Jay Kenney and Karl Kister think likening their Clear Fork Cider to fellow hard ciders isn’t quite an apples-to-apples comparison.
The difference is in the fruit, they say: while other cider-makers use juices trucked in from commercial orchards, Kenney and Kister started with raw apples and pressed them in-house. They started bottling their first batch of Clear Fork Ciders on Monday in a production space at 16th Avenue and Lafayette Street.
“We think that cider is all about the apples, and if we don’t have the apples, we don’t want to make cider,” Kenney said.
Kenney and Kister are each trying their hands at the cider trade as a second career.
Kister is a documentary filmmaker whose family owns a small orchard in Maine. Kenney is a former private investigator and criminal defense lawyer. He started pressing apples 20 years ago and has been making hard cider for the past decade.
Over the past few years, as Kenney watched his home cider-making approach the 100-gallon legal limit for personal consumption, he decided to turn his hobby into a business. Kister, who met Kenney after he made a documentary about a mutual friend, signed on to be his business partner.
The pair has self-funded Clear Fork Cider so far. To save money, they rent the garage at 1632 N. Lafayette St. from Kenney’s brother. They converted a corner of the space into a refrigeration room using an air conditioning unit, and built small bottling and labeling lines themselves.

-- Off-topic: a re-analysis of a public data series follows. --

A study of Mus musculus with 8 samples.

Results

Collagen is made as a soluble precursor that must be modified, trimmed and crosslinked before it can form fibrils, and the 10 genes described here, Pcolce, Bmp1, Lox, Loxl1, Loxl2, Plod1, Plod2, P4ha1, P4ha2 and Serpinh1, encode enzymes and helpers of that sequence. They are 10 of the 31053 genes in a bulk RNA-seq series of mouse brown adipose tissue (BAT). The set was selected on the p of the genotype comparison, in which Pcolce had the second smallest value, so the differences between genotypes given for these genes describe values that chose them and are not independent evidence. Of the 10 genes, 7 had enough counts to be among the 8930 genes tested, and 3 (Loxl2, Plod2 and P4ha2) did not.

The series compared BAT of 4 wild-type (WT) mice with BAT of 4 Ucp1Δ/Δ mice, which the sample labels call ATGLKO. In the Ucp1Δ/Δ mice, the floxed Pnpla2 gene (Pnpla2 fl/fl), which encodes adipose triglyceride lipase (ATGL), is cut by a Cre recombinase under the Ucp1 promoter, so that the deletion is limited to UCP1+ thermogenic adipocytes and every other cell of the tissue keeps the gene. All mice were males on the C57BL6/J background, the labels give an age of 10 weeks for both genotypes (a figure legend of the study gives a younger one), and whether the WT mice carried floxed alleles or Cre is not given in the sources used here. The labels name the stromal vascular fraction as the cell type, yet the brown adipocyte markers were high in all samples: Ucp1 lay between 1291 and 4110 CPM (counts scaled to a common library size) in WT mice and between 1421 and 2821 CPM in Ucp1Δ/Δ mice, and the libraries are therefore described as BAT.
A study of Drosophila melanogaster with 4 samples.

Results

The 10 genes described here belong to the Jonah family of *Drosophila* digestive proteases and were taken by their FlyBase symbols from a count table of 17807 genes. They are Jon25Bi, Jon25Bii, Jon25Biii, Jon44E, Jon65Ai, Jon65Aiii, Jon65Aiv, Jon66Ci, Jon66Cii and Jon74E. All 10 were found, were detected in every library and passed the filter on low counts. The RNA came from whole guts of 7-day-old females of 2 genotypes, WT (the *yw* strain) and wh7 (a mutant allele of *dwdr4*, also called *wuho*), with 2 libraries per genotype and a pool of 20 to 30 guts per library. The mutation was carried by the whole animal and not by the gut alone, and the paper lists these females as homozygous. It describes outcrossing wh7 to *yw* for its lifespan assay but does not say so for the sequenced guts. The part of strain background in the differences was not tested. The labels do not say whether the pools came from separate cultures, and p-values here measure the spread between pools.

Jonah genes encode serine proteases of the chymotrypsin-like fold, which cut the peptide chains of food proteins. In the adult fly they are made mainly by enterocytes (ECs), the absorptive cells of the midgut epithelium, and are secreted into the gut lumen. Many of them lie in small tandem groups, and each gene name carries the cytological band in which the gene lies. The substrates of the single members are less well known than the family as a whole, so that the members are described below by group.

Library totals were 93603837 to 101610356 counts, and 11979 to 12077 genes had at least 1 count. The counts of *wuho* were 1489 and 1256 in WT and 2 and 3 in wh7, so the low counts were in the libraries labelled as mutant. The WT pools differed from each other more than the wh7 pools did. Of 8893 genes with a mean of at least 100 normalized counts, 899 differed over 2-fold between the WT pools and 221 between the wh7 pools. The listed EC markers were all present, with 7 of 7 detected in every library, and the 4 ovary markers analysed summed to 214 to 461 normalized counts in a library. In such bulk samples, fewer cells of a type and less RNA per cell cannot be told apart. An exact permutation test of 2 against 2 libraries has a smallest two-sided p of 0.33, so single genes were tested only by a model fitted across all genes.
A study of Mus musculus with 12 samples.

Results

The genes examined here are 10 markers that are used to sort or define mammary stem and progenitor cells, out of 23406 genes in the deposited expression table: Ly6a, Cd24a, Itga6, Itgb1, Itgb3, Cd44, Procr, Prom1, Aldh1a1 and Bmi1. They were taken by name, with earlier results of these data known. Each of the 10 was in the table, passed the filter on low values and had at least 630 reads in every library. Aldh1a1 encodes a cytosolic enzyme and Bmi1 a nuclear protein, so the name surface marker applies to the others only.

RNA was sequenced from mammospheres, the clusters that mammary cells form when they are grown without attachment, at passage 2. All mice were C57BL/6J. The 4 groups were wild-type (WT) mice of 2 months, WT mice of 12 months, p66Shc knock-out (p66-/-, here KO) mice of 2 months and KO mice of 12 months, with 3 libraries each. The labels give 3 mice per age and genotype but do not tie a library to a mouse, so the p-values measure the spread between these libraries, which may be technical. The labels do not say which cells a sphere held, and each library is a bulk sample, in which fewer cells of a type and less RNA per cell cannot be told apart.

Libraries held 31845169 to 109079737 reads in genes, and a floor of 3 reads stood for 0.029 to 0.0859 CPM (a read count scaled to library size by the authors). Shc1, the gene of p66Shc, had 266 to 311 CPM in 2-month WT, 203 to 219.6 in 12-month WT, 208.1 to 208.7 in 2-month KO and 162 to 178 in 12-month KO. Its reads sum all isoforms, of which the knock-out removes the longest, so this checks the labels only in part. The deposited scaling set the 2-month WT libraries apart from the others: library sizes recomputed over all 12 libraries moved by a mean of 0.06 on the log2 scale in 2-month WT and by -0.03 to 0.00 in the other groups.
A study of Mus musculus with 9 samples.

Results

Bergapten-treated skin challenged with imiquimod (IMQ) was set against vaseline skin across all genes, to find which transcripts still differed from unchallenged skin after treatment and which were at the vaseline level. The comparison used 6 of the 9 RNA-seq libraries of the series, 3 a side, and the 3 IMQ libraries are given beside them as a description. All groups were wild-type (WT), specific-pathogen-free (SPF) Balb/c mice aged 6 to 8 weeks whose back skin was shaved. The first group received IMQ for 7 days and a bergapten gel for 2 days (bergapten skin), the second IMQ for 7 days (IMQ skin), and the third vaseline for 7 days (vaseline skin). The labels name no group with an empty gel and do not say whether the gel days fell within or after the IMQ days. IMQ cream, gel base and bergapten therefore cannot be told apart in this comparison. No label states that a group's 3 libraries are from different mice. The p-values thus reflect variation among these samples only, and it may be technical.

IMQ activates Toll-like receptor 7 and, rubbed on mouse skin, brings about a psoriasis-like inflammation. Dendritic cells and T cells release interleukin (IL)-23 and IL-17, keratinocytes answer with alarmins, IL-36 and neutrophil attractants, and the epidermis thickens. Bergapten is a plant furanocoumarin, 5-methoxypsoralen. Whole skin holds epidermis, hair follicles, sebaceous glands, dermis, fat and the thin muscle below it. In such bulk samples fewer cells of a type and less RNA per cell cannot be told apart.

The pair picked apples off older trees, Kenney said, as close as Lakewood and as far as Montezuma County in southwest Colorado and the Pacific Northwest. Kenney said the pair paid at most $1 a pound for the raw apples. Other times, he said, they only had to pay labor costs to pick the apples and got them for free.
Kenney said the pair has spent $60,000 to $70,000 since 2016 to get started, but admits the approach isn’t scalable. He estimates Clear Forks Cider has made 1,500 to 1,700 gallons of cider this year. If he sells all of it, he reckons he’ll break even or maybe make a small profit.
“If you’re trying to make a lot of money, this is not the kind of road you go down,” he said. “But these apples taste better.”
Clear Forks Cider will sell three varieties in its first year. Its aim is to sell its inventory of bottles to local stores and restaurants, rather than open a tasting room. And Kenney has a simple marketing scheme.
“My plan is to walk up and down 17th Street,” he said. “We don’t have that much to sell.”